Tuesday, April 15, 2008

EDITORIAL >>Huge windfall for natural gas

Remember the dire warnings from foes of the natural gas severance tax? The little 5 percent tax on gas from the Fayetteville shale would crimp exploration companies so much that they would go elsewhere in search of gas and leave Arkansas high and dry. The big cash investment, the jobs, the royalties, the economic spin-off would go elsewhere — to Louisiana, Oklahoma, Texas, Pennsylvania, somewhere. Arkansas would be left in the backwater again because Gov. Beebe wanted to saddle the good investors with an unfair severance tax.

That was last month before the legislature passed the tax overwhelmingly.

Yesterday, the CEO of one of the largest production companies in the shale play offered a different story. A study by the University of Arkansas College of Business had estimated in March that the economic impact in Arkansas from shale exploration would reach a whopping $18 billion over the next 10 years, even accounting for the dampening effect of a severance tax.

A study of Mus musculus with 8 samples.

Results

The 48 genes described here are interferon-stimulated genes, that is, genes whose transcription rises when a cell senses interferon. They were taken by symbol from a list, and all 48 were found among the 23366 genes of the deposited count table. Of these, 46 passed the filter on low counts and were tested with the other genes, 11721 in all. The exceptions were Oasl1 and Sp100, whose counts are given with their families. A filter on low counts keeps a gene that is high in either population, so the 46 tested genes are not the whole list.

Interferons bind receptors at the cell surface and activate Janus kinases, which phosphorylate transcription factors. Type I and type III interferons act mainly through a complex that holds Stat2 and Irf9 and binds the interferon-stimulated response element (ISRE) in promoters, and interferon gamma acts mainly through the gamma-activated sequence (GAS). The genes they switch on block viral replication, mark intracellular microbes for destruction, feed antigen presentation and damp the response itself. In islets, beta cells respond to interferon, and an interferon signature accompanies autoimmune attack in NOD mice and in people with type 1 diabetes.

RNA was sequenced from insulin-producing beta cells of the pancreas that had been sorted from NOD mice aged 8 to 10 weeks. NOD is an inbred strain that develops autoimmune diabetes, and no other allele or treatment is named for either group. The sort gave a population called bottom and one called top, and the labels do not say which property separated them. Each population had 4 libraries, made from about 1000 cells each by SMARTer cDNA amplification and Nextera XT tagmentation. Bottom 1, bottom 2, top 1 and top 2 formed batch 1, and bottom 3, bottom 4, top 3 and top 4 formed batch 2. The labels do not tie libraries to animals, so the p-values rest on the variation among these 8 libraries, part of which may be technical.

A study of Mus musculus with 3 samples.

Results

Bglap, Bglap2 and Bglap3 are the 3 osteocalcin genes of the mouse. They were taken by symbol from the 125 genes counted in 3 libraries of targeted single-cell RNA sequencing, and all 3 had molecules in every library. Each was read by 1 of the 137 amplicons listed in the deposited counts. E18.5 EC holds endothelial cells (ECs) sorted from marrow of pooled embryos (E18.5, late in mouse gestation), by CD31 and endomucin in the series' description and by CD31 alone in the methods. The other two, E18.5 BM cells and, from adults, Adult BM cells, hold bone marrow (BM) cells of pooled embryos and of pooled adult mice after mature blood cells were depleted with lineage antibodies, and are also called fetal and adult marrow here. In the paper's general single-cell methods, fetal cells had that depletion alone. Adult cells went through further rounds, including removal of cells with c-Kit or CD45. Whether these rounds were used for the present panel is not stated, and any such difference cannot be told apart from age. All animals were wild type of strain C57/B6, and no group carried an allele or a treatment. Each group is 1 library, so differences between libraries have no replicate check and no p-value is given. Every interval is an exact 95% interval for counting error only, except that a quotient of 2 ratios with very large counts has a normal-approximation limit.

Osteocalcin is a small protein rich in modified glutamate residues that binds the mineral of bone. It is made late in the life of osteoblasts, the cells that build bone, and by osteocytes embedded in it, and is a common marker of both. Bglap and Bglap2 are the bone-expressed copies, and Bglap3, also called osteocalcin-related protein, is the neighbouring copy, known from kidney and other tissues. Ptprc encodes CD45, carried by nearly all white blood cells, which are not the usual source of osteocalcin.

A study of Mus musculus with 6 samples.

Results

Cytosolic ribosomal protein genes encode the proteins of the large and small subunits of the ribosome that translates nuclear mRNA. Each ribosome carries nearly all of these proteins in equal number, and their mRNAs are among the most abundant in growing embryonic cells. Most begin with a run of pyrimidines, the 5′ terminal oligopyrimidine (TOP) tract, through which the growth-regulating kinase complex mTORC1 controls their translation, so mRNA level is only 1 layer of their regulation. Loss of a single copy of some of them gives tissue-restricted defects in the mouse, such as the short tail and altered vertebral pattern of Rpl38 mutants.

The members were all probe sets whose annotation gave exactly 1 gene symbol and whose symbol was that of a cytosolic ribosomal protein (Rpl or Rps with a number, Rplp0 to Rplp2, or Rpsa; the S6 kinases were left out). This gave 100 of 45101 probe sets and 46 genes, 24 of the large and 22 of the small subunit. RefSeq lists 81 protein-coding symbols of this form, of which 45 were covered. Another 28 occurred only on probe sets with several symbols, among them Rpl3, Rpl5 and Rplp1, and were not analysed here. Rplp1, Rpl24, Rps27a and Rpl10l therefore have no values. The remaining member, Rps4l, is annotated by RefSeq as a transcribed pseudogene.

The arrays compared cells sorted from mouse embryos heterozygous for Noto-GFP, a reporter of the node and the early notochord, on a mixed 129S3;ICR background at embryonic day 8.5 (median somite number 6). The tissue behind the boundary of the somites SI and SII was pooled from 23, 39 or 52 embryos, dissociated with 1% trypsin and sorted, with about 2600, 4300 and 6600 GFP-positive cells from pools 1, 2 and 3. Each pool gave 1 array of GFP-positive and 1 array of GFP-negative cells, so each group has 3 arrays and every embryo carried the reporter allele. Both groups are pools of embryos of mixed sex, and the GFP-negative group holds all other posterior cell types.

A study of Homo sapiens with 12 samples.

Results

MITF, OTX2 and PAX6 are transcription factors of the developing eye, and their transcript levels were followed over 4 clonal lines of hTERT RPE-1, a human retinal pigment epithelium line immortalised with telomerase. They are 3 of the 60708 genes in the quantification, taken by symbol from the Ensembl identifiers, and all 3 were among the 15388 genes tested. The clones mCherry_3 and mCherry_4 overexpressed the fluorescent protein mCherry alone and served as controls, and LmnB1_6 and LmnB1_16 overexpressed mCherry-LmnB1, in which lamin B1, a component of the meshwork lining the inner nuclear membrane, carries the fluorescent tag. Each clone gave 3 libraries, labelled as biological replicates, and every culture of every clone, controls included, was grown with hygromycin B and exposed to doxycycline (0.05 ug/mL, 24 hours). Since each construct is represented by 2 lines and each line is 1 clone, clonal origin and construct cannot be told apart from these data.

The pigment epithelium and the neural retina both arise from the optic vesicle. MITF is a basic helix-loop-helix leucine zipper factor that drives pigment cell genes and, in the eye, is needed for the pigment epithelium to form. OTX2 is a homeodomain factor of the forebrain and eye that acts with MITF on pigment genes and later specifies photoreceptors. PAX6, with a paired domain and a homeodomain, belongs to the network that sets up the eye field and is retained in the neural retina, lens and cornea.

That won’t touch it, said Aubrey McClendon, CEO of Chesapeake Energy Corp. The $18 billion figure is “completely irrelevant,” he said. He expected the companies to spend between $75 billion and $100 billion over the next decade or so. That’s billion, not million. The way the academics calculate economic impact, the cumulative effect would be far greater than $100 billion.

“It really could be transformative,” he said.
We can assume that someone told him that thanks to Beebe and the legislature they would have to pay a tax of 5 percent on the net proceeds from the gas.

The shale, he predicted, would produce 20 trillion cubic feet of gas.
Let’s see. . . At the current market price of gas of about $10 a thousand cubic feet (it’s expected to continue rising), that’s roughly $200 billion in sales. That could mean $6 billion to $8 billion in taxes for Arkansas highways, roads and streets, which is where 95 percent of the severance taxes will go.

Critics of the tax said it would not produce enough money to meet many of the state’s highway needs. You can build a lot of roads for eight billion dollars.

Judging by the photographs of the devastation of roads and bridges from the floods, we may need lots of it right away. We can be thankful that we won’t have to pay higher gasoline taxes to get the work done. Oil hit $114 a barrel this week, and gasoline is headed toward $4 a gallon.

The governor and legislature never looked more providential.